Pointers: Lay the question to rest?




Original post by brandonman
What I understand is it speeds up the program because int x=y is somewhat slow, while int *x, x=&y is faster (Right Syntax?) Explain this to me if I am wrong.


This is a partial understanding. You are wrong for three different reasons.

  1. In C++, a pointer is usually as large as an integer, if not larger. Therefore, manipulating integers will be at least as fast as manipulating pointers. The speed of copy only comes into account when manipulating larger types, or types which have non-trivial copy constructors.
  2. int x = y; makes a copy of y called x. int *x = &y; does not create a copy of y, but instead references the value of y. In the first case, you have two independent values, while in the second case, you have only one. As such, the second option is only usable if you don't need a copy—if you don't need a copy, however, it will indeed be faster for complex types.
  3. A pointer is both a random access iterator and an option type, which makes it a hackish way of representing reference semantics. If you wish to manipulate an object without making copies, you should instead consider references in almost all practical cases.

True, but a pointer should always be 4 bytes on a 32-bit system and 8 bytes on a 64-bit system while an integer is only 4 bytes large on both systems. If it has any other size you are using a non-conform compiler (or setting) and that will most likely also cause other things to be incorrect.

Quote:
Original post by ToohrVykIn C++, a pointer is usually as large as an integer, if not larger. Therefore, manipulating integers will be at least as fast as manipulating pointers. The speed of copy only comes into account when manipulating larger types, or types which have non-trivial copy constructors.
True, but a pointer should always be 4 bytes on a 32-bit system and 8 bytes on a 64-bit system while an integer is only 4 bytes large on both systems. If it has any other size you are using a non-conform compiler (or setting) and that will most likely also cause other things to be incorrect.


No. There aren't those kinds of guarantees.


Original post by tyfius
Quote:
Original post by ToohrVykIn C++, a pointer is usually as large as an integer, if not larger. Therefore, manipulating integers will be at least as fast as manipulating pointers. The speed of copy only comes into account when manipulating larger types, or types which have non-trivial copy constructors.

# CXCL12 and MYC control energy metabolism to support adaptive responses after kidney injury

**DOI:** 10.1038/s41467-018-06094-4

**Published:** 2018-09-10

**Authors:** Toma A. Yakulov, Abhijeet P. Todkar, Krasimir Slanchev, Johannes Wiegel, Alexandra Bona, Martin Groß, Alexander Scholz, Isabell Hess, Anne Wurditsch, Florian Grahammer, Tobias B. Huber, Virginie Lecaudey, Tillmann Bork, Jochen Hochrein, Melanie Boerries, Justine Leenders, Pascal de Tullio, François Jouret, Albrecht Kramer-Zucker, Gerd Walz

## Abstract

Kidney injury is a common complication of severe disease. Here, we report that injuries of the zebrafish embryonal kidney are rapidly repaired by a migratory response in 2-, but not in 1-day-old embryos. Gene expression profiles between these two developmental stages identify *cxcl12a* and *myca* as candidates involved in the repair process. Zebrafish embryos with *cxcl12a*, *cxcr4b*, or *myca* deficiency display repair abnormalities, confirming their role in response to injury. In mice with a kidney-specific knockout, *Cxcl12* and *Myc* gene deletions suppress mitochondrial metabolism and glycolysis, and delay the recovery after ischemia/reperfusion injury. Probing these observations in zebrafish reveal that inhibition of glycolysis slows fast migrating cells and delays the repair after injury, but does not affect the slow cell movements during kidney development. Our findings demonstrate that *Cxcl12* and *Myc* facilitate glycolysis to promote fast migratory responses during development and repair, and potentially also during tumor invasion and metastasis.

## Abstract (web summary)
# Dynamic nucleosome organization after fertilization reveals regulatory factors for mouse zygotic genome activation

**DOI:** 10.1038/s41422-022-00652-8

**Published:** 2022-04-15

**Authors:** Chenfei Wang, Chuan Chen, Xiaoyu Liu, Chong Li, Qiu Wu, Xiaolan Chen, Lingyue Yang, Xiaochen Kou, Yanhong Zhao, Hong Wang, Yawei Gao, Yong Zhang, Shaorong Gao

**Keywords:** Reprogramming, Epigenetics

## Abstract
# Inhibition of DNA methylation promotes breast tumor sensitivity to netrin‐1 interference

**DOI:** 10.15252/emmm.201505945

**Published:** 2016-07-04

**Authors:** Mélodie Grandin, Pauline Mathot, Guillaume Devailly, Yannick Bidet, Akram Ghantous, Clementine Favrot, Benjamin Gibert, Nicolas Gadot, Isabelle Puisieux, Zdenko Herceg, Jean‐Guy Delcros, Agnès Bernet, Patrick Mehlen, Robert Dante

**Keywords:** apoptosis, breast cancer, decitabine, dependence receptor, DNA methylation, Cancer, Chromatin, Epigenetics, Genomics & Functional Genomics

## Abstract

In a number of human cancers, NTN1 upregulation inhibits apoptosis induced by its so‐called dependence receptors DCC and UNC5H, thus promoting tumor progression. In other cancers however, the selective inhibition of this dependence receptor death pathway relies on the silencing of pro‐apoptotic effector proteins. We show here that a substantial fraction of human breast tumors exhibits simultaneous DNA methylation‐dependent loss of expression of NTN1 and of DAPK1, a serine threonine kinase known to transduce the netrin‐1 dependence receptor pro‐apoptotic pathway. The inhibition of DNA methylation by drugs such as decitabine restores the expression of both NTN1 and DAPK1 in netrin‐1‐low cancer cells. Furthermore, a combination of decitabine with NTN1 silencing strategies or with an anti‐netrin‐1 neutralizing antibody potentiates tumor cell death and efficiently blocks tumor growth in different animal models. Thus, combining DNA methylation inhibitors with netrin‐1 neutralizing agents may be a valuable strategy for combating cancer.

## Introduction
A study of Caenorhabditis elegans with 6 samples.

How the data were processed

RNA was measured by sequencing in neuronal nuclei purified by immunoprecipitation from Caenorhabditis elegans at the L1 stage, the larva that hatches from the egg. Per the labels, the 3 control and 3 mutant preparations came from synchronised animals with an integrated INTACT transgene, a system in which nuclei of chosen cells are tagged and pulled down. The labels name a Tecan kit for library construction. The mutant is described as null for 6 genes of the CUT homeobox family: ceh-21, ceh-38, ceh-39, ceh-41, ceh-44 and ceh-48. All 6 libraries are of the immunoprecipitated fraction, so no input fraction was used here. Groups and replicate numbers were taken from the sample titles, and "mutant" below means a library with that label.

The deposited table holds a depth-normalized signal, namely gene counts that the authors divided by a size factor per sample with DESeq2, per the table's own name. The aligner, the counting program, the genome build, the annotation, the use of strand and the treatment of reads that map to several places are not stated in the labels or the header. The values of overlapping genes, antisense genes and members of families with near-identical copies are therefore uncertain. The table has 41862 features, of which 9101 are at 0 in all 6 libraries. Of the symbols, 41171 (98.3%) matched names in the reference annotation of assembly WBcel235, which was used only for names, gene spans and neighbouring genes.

True, but a pointer should always be 4 bytes on a 32-bit system and 8 bytes on a 64-bit system while an integer is only 4 bytes large on both systems. If it has any other size you are using a non-conform compiler (or setting) and that will most likely also cause other things to be incorrect.

Also wrong

Original post by brandonman
OK, I understand they reference a variable without copying it, but what exactly is the use for them? I never could understand the use of knowing a variable's address location.


One use of pointers and references is for to not having to copy something big, such as a user define class.

void myFunction( CMyClass class )
{
class.doSomething();
}

void myNextFunction( const CMyClass &class )
{
class->doSomething();
}




In the first one, the function recieved a COPY of your class, meaning it calls the copy constructor and has all of is member variables copied.

In the second one you are passing by reference, and giving the function the memory address of the object you want to do things with.

Can you see why the second one might be benefcial for larger classes?

Another use is that you might want to change a variable in a function and have it alter that variable in a higher scope. For example;

void PassByValue(int num)
{
//Anything i do to 'num', is in local scope
}

void PassByValue(int &num)
{
//Anything i do to the reference is changing the variable at the scope where
//this function was called.
}

int g_MyNum;

PassByValue(g_MyNum); //g_MyNum will not be changed
PassByReference(g_MyNum); //g_MyNum could be changed by the function.



This might not look like behaviour you wouldn't desire, but you will learn how this can be useful.